Grant Cameron
$7B Energy Transition Hub advances clean energy goals in B.C., Canada

Plans are moving along for construction of a massive, multibillion-dollar energy transition hub on the Kerry Lake East Indian Reserve in northern B.C that looks to further clean energy goals in the province and Canada.

The project will produce low-carbon energy and help reduce emissions in industries that are traditionally very difficult to decarbonize.

The proposal calls for a facility that would use electricity to split water molecules into hydrogen and oxygen via a process called hydrolysis. The hydrogen gas would then be converted to liquid ammonia to allow it to be shipped in rail cars to a port facility in Prince Rupert.

A second part of the venture entails construction of a straddle plant that would extract liquids such as ethylene from natural gas in pipelines that run across McLeod Lake Indian Band (MLIB) lands. The liquids would otherwise be burned as byproducts in the gas distribution system.

The project, known as the Tse’khene Energy Transition Hub, is planned on a site about 80 kilometres north of Prince George and two kilometres east of Highway 97. It would cost about $7 billion and is expected to create 600 construction jobs and require a permanent work force of 250.

“Hydrogen is likely the best clean solution we have for significantly reducing emissions in sectors such as heavy-duty transportation, industrial heat, and natural gas decarbonization,” says Alanah Connie, spokesperson for the Ministry of Energy, Mines and Low Carbon Innovation.

“Projects like the Tse’khene Energy Transition Hub will help position our province as a leader in the transition to a cleaner, low-carbon future, and help us meet our CleanBC goal to lower climate-changing emissions by 40 per cent by 2030.”


Where does the project sit now?

Earlier, the MLIB, Province of British Columbia and British Columbia Energy Regulator signed a memorandum of understanding (MOU) that laid the foundation for the hub.

The MOU provides clarity and direction on regulatory obligations and environmental assessment processes that the three parties will collaborate on,” notes Connie. “It also puts a management committee in place that will oversee collaboration efforts and address any issues that may arise, as well as be responsible for co-ordinating between all parties and the federal government.”

Specifically, the MOU sets out that the MLIB will carry out the environmental assessment of the on-reserve aspects of the project and support the energy regulator to facilitate, among other things, public safety, environmental protection and reconciliation with Indigenous people.

An implementation committee will be formed, consisting of representatives from the province and MLIB, to address issues and promote continuous collaboration.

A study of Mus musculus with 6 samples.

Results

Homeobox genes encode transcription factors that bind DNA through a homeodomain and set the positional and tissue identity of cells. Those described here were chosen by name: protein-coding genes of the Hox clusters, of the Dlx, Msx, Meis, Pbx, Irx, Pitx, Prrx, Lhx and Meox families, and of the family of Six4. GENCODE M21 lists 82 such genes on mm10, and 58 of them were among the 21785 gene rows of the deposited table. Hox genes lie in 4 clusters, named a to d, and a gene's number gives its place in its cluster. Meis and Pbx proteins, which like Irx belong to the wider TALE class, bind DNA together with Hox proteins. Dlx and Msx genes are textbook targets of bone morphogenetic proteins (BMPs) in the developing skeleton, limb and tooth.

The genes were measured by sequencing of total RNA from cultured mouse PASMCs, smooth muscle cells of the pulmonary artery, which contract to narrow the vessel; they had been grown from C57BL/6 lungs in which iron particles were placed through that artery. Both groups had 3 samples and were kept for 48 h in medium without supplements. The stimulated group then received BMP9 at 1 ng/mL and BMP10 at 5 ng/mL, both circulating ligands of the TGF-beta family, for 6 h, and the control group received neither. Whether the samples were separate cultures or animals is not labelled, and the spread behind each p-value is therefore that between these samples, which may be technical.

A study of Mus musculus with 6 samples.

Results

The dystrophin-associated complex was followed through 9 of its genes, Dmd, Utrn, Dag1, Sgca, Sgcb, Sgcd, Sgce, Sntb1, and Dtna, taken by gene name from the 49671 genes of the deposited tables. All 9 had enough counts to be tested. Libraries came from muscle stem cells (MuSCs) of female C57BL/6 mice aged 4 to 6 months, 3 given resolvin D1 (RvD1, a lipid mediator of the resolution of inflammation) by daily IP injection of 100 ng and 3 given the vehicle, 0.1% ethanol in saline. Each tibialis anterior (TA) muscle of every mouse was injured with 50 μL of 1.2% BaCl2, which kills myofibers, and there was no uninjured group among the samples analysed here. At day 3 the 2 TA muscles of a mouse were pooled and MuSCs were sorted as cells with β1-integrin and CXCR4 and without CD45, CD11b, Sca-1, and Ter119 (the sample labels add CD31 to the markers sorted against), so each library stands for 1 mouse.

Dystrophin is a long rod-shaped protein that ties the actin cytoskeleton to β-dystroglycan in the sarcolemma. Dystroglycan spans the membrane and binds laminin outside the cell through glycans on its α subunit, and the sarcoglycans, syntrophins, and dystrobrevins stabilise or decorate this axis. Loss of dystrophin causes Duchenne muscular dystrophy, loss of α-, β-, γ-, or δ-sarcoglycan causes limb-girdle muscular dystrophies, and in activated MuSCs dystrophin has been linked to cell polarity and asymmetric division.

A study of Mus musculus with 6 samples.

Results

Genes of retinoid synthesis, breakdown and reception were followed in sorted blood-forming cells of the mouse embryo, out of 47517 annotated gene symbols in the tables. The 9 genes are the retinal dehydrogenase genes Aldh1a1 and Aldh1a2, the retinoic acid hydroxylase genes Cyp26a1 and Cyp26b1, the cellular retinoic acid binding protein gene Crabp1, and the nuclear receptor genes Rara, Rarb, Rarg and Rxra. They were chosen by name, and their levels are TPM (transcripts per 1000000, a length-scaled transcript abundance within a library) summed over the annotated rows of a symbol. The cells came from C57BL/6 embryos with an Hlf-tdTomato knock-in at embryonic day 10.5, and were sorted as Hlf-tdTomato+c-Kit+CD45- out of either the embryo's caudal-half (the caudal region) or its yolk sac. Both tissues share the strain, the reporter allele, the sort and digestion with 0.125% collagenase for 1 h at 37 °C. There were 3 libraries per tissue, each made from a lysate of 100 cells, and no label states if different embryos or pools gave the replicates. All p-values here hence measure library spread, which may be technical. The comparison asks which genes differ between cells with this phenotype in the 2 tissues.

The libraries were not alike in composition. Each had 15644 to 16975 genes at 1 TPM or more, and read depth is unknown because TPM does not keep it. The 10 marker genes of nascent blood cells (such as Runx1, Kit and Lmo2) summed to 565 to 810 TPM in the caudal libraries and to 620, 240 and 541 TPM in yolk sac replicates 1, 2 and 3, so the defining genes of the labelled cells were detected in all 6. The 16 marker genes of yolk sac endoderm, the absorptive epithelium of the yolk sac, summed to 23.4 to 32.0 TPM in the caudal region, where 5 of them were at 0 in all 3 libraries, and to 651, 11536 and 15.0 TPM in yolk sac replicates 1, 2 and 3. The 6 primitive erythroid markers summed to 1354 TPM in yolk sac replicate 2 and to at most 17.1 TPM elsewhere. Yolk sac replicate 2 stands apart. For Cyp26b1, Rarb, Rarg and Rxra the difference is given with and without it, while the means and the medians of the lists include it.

The energy transition hub will be further supported by the newly established Clean Energy and Major Projects Office to help the project navigate regulatory processes in Canada.

Surveying of the site for the plant began last summer followed by logging. Officials hope to begin construction this spring, with the project being completed within two years.

Last May, MLIB chief Harvey Chingee indicated Mitsubishi Power would be handling details of the financing needed to get the plant built. Recently, he did not return phone calls on the matter.

However, the ministry noted that MLIB is “continuing to carry out project development work with their corporate partners and with interested investors, customers, and additional partners, as well as technical work on project feasibility.”

Much of the infrastructure for the project is already in place, including a highway, railway and pipelines.

“The hub’s location has access to major highways and railways that will help with domestic hydrogen supply and demand, lower costs, and strengthening of the local hydrogen market,” says Connie.


Potential to export to Asia

The plan calls for a five-kilometre rail spur line to be connected to the CN line. The existing BC Hydro transmission line is about two kilometres from the proposed site. Water would be drawn from the nearby Crooked River.

The Tse’khene Energy Transition Hub is evaluating multiple options to export hydrogen to Asia.

“B.C.’s proximity to leading markets such as California, Japan, China and South Korea positions the province to become a leading exporter of clean hydrogen,” says Connie. “By 2050, demand in these regions is projected to reach 100 million tonnes/year, with potential to rise even higher.

“If we even capture five-per-cent market share in these regions, our export market could be $15 billion annually.”

Connie said the projects support CleanBC clean energy goals and positions the province as a leader in the transition to a cleaner, low-carbon future for Canada.

“The project will support creating zero-emission energy that will help reduce global emissions in hard-to-decarbonize sectors such as medium- and heavy-duty transportation, pulp and paper processing, as well as the oil and gas refining industries.”